While the case for server virtualisation in the SMB market is intensifying, many partners around the table were less convinced about short-term take-up of desktop virtualisation.
However, the onslaught of consumer-oriented, cut-back devices, like the iPhone and netbook, was changing usage models and opening up longer-term opportunities to have a centralised desktop conversation, Accucom’s Roy Pater claimed. IDC’s Jean-Marc Annonier agreed mobility was driving new discussions around desktop management and access.
“In our research, we’ve shown that for a lot of small businesses to be successful, you need to have many smaller offices, because you can’t grow if you’re only based in Sydney. Automatically, that brings up the need for remote access,” he said.
PC Nation’s Adam Nixon was witnessing increasing interest in desktop virtualisation among its hosting and managed services clients because it offered ease of management and better control. But TCT’s Robert Brown claimed set-up costs for VDI were still too prohibitive for customers with less than 100 or 200 nodes.
Until the cost of a virtual desktop was on par, or cheaper than a physical unit, take-up would remain low, VMware’s Steven Gross said.
“If a customer has a 20-person shop and they need five to be mobile, there’s nothing stopping you from building XP or Windows 7 images and doing direct connections,” he said. “But moving forward, the differences in server hardware and the higher processing and memory will change the cost metrics around VDI. Density of servers will increase dramatically as they’re being architected for these higher density environments.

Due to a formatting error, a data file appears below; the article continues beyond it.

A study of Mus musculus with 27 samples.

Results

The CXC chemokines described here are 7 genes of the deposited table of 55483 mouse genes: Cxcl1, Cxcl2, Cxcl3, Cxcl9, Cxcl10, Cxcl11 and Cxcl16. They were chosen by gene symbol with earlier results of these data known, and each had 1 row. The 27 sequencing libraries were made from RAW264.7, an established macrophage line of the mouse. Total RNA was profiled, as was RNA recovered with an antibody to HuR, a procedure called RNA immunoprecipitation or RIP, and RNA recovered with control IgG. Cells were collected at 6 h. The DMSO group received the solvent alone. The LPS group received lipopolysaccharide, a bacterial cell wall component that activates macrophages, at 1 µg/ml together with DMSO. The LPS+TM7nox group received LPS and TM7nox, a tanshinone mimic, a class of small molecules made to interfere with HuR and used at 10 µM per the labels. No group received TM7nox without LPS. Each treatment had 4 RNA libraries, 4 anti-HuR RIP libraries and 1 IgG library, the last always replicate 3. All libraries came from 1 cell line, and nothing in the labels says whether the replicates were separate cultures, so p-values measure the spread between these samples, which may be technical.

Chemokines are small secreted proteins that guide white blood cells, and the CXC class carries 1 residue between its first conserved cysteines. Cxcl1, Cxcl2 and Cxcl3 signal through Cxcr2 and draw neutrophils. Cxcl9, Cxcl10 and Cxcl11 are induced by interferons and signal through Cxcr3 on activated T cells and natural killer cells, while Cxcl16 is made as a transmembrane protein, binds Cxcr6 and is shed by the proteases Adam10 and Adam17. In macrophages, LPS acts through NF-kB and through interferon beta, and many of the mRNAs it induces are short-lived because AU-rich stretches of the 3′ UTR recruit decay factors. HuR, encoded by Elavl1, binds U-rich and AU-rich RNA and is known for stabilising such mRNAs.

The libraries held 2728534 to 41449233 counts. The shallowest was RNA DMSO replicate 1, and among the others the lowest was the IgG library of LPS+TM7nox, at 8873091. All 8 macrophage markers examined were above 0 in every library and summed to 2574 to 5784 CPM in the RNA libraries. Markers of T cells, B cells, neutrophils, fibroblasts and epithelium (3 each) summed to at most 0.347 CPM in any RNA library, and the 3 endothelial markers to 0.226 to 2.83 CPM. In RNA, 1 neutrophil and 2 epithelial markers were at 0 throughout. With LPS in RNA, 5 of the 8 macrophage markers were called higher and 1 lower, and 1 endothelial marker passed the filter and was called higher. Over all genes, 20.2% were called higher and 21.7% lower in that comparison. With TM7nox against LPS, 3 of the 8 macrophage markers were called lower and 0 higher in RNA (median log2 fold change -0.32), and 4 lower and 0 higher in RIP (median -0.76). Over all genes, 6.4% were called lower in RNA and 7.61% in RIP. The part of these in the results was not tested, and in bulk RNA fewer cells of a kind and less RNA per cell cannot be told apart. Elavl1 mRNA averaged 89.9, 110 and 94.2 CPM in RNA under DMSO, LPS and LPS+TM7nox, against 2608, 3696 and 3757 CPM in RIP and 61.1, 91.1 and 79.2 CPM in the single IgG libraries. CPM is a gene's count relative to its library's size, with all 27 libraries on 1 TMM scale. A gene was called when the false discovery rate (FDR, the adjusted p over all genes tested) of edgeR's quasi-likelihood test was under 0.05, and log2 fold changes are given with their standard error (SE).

“I think we are in a year of change for centralised desktops. Going back 6-12 months ago, the discussion was that it cost 120 per cent of the cost of a physical desktop to stand up a virtual desktop. When you get to a point at time when we can deliver the VDI at a lower cost than a physical environment, and provide all the benefits, it becomes quite straightforward. We are at that tipping point now.”
Alongside the cost argument, Accucom’s Pater said centralised desktop take-up would also eventually gain popular because of infrastructure and security complexity.
“It’s becoming fairly complex to set-up even a two- or five-user site with base infrastructure,” he pointed out. “Users are getting sick and tired of it. That will drive it back towards things like the netbook and terminals they can just operate on, and you do whatever is required in the back-end, as long as it’s reliable.
“Discussions are more in the back-end today, but you can see this is going more and more into the front-end as customers realise their problems are lying with the rich device on the desk.”
Once historical challenges around running rich applications like video and voice on centralised desktops are addressed, IT providers could expect to see more take-up, Pater said.